OSINT Threat Hunting Powershell Empire

Lately Empire has been showing up more frequently in my sandbox testing with Emotet/Trickbot generally being the sample that brings the Empire afterwards for recon and active directory exploitation. One thing that had confused me about these Empire samples however is that they look like the defaults, no customization to the stager. With one sample I happened to pass it to one of my favorite tools UrlScan. Doing that led me down a rabbit hole of some great OSINT data for getting an idea on the use of Empire and a way to look for future Empire Command and Control.

Let me take you through the journey and share the results.

Step One the first sample:

So  initially I started with a single sample which I submitted for scan. While the stager was as basic and default the page returned via a scan did not match my knowledge of a default Empire C2 setup (turns out it was the default for an older version on Empire but I did not know that at the start).

This led me to check the IoC page of the scan. Urlscan take a hash of all assets on the page it scans and drops them in the results that allow you to select and run searches to pivot on those indicators, which is exactly what I did here.

I used the sha256 hash of the page to search on and found that many other scans had the exact same hash and if you look at the URL’s present they match a default powershell empire c2’s with /admin and /login directories and news.php, get.php, and process.php being default uri enders for the c2 setup.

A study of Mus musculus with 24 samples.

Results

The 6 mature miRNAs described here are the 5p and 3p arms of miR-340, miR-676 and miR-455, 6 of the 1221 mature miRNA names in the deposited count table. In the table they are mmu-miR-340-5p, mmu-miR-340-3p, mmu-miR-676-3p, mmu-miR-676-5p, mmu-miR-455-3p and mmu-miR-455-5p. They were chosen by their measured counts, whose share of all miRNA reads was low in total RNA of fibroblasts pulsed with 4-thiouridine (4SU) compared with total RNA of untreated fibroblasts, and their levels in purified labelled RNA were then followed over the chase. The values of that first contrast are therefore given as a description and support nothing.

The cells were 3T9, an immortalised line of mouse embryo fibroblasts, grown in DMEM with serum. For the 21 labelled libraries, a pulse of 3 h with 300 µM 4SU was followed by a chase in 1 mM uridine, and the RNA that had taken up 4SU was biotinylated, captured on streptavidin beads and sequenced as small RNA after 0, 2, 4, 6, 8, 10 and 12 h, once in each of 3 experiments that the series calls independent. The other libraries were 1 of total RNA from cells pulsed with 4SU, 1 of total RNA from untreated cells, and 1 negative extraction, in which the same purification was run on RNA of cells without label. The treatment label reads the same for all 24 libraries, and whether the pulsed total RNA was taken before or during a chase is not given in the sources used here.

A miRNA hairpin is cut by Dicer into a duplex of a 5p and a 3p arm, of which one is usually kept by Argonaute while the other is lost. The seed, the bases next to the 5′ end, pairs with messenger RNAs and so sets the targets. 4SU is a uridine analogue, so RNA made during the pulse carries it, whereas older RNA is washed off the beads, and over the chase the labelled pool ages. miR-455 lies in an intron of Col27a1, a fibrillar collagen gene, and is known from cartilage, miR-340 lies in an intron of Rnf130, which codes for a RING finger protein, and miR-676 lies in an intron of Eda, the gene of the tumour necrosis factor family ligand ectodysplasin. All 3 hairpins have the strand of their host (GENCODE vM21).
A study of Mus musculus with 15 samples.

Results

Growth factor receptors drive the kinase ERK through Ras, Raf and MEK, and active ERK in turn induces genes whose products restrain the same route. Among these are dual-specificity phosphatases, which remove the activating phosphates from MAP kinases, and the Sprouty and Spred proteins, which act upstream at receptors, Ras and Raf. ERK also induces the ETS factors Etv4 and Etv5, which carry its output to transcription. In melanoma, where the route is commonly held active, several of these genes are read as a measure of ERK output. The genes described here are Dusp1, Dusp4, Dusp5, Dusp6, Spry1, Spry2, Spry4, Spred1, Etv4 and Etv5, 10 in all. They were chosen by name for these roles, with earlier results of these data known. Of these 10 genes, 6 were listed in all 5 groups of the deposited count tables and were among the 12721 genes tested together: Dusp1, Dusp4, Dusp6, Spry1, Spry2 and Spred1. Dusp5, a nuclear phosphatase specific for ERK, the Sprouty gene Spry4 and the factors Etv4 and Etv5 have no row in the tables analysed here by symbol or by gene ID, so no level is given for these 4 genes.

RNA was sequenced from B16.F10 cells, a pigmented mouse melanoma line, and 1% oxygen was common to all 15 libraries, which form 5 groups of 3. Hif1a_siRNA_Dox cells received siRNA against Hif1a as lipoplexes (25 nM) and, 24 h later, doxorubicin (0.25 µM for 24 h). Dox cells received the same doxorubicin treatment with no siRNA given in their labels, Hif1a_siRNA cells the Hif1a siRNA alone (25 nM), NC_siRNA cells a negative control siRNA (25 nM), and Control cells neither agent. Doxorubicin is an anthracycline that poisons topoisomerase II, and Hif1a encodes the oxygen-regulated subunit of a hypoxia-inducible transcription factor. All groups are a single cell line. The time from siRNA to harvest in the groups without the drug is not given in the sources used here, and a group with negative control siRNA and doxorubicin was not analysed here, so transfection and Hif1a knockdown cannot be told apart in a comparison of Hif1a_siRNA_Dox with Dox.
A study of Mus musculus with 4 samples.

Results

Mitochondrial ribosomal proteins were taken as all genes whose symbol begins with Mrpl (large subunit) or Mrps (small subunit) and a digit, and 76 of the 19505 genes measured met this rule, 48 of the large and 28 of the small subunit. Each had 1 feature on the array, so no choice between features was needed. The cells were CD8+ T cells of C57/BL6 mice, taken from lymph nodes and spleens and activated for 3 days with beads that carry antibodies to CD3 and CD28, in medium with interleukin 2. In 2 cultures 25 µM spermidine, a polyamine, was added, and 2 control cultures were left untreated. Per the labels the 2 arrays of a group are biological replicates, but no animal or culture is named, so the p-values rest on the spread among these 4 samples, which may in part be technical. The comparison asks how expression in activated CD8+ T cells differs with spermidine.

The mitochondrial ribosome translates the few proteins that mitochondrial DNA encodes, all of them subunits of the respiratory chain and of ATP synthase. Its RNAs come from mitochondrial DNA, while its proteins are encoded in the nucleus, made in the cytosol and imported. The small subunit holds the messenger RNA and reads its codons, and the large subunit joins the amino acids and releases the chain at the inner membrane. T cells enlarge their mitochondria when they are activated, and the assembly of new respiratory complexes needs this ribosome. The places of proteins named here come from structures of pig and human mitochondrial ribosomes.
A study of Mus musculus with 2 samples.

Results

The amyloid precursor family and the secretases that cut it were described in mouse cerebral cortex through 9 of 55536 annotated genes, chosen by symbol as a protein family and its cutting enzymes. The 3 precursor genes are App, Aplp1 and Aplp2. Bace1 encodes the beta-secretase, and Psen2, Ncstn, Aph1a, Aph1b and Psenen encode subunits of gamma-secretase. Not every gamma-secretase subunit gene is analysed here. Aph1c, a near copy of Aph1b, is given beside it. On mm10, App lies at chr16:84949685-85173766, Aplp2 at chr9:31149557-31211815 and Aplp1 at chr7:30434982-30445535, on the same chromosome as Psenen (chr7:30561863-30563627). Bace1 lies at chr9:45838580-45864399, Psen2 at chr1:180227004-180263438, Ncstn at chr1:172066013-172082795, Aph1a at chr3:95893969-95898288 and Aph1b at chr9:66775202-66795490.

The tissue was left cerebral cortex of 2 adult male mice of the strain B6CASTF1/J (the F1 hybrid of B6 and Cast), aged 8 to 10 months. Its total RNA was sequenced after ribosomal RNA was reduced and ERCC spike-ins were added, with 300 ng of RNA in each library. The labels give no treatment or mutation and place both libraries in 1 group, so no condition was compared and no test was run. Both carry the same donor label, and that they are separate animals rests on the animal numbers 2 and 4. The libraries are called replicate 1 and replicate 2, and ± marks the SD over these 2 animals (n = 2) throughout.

Urlscan includes a helpful search API so I collected that data via the API and stored it in a CSV after some json-fu.

Step 2 next pivot

Next I wondered if I could get Empire c2 hits based on the c2 page I was familiar with…Turns out someone over at AlienVault had the same idea earlier in the year.

Armed with the new hash I went back to UrlScan and ran another search with the 2nd hash. In total that revealed 138 results in the UrlScan dataset between the 2 Empire versions. there were 91 unique IP addresses and we can see that the tool is very much still in use by malicious actors today with several results in the past 2 weeks.

Step 3, graph that data:

Geographically C2 is diverse with some favoritism to the United States, likely due to many data centers being based there, and perhaps to deter Geo-restrictions that may come with other Geo-locals.

We see 4 ASN’s account for half of the hits in the dataset:

  1. Choopa AS20473
  3. NERIM AS13193
  4. SPACENET AS5539

To see the full list of IoC’s go grab the misp event on github.